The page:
Unveiling the Surge of Mass Torts: Exploring Ontario’s Certification Challenges and Carriage Fights

Toronto, Ontario – The province of Ontario is witnessing a surge in mass tort cases due to a combination of certification challenges, carriage conflicts, and the influence of plaintiffs’ lawyers. However, this trend is not mirrored in all Canadian provinces. In a recent podcast episode, lawyers from Blakes law firm shed light on the disparities between mass torts and class actions, and why one may be preferred over the other.

Unlike class actions, which seek compensation for a large group of people harmed by a common incident, mass torts focus on individual claims that arise from a single event or product, such as defective medical devices. The legal process for mass torts can be more complex and time-consuming, as each plaintiff’s case is handled separately. Additionally, plaintiffs’ lawyers play a significant role in initiating and driving mass tort actions.

In Ontario, there has been a notable increase in mass torts, with lawyers facing challenges in obtaining certification for these cases. Certification is a crucial step that determines whether a case can proceed as a class action or mass tort. It ensures that the claims have common issues that can be resolved collectively. However, certification challenges can result in delays and additional expenses.

Carriage fights, which involve multiple law firms competing to represent the plaintiffs in a mass tort, have also contributed to the rise of these cases in Ontario. Lawyers may engage in fierce battles to secure the role of lead counsel, as it offers significant influence and control over the litigation process.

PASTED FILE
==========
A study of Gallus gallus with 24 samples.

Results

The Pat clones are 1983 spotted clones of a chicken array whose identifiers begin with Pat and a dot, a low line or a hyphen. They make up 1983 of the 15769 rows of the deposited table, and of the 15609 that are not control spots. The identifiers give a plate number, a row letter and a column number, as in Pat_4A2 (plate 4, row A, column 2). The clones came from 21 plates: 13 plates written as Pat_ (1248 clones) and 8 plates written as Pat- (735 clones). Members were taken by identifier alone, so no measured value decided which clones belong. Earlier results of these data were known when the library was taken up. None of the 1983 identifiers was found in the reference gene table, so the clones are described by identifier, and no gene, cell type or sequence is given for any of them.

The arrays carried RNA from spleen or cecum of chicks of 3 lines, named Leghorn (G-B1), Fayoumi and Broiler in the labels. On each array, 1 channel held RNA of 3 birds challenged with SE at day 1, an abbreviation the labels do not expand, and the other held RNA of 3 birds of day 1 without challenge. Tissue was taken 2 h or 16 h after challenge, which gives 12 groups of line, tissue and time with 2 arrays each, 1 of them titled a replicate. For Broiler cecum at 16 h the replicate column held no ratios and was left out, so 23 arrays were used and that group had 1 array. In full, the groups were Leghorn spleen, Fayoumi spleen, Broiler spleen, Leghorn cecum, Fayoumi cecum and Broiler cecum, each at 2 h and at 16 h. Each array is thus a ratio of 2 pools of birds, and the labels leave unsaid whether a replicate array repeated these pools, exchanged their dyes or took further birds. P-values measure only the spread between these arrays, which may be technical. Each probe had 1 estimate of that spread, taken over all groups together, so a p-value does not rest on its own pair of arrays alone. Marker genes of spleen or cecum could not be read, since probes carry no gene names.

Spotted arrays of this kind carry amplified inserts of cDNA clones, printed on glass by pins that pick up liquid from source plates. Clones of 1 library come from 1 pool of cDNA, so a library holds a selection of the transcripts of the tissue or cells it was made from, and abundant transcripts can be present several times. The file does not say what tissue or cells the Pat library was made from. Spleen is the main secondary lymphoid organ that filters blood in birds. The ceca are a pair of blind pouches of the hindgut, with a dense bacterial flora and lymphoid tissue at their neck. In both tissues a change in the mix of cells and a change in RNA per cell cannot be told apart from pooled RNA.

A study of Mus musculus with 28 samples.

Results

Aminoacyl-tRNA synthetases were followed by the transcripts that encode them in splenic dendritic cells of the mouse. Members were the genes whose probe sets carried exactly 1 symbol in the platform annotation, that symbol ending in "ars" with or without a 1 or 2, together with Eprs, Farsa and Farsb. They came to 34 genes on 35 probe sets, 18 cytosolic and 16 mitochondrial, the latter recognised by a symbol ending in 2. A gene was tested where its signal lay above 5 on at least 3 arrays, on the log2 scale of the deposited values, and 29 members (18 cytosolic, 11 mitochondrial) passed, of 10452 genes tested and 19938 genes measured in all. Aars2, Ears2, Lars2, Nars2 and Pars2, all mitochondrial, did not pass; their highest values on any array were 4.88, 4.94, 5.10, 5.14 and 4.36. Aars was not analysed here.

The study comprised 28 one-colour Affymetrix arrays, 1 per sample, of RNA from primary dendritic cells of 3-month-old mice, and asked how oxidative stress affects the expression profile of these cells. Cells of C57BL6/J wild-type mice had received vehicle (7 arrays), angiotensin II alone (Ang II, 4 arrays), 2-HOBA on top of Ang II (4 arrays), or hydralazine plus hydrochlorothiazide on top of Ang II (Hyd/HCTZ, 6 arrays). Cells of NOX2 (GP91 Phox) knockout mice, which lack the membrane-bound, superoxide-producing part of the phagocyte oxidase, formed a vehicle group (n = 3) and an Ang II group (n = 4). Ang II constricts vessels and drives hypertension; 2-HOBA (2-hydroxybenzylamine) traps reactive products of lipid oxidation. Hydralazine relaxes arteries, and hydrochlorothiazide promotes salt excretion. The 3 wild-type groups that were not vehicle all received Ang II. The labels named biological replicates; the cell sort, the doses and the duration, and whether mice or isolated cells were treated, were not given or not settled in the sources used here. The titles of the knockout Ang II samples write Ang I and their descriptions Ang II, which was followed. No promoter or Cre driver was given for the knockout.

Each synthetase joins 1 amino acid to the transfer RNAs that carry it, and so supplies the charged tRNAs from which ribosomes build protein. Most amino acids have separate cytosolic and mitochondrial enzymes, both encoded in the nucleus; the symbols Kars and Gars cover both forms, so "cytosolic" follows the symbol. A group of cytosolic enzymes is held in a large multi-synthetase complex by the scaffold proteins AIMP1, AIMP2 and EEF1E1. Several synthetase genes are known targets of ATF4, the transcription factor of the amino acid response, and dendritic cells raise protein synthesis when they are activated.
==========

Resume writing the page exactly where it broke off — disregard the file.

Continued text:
While Ontario grapples with the rise of mass torts, other Canadian provinces do not face the same trend. This discrepancy may be attributed to varying legal systems and approaches to addressing mass tort claims.

Legal experts suggest that the preference for either a mass tort or class action depends on the specific circumstances of the case. Mass torts may be more suitable when the individual circumstances of each plaintiff are unique, requiring personalized attention. On the other hand, class actions may be more efficient and cost-effective when the claims involve a large number of plaintiffs with common issues.

Understanding the differences between mass torts and class actions is crucial for both plaintiffs and defendants. Careful consideration of the advantages and disadvantages of each approach is necessary to ensure appropriate and effective legal representation in complex injury or product liability cases. While the rise of mass torts in Ontario presents challenges, it also prompts a critical examination of the legal landscape and the evolving nature of personal injury litigation.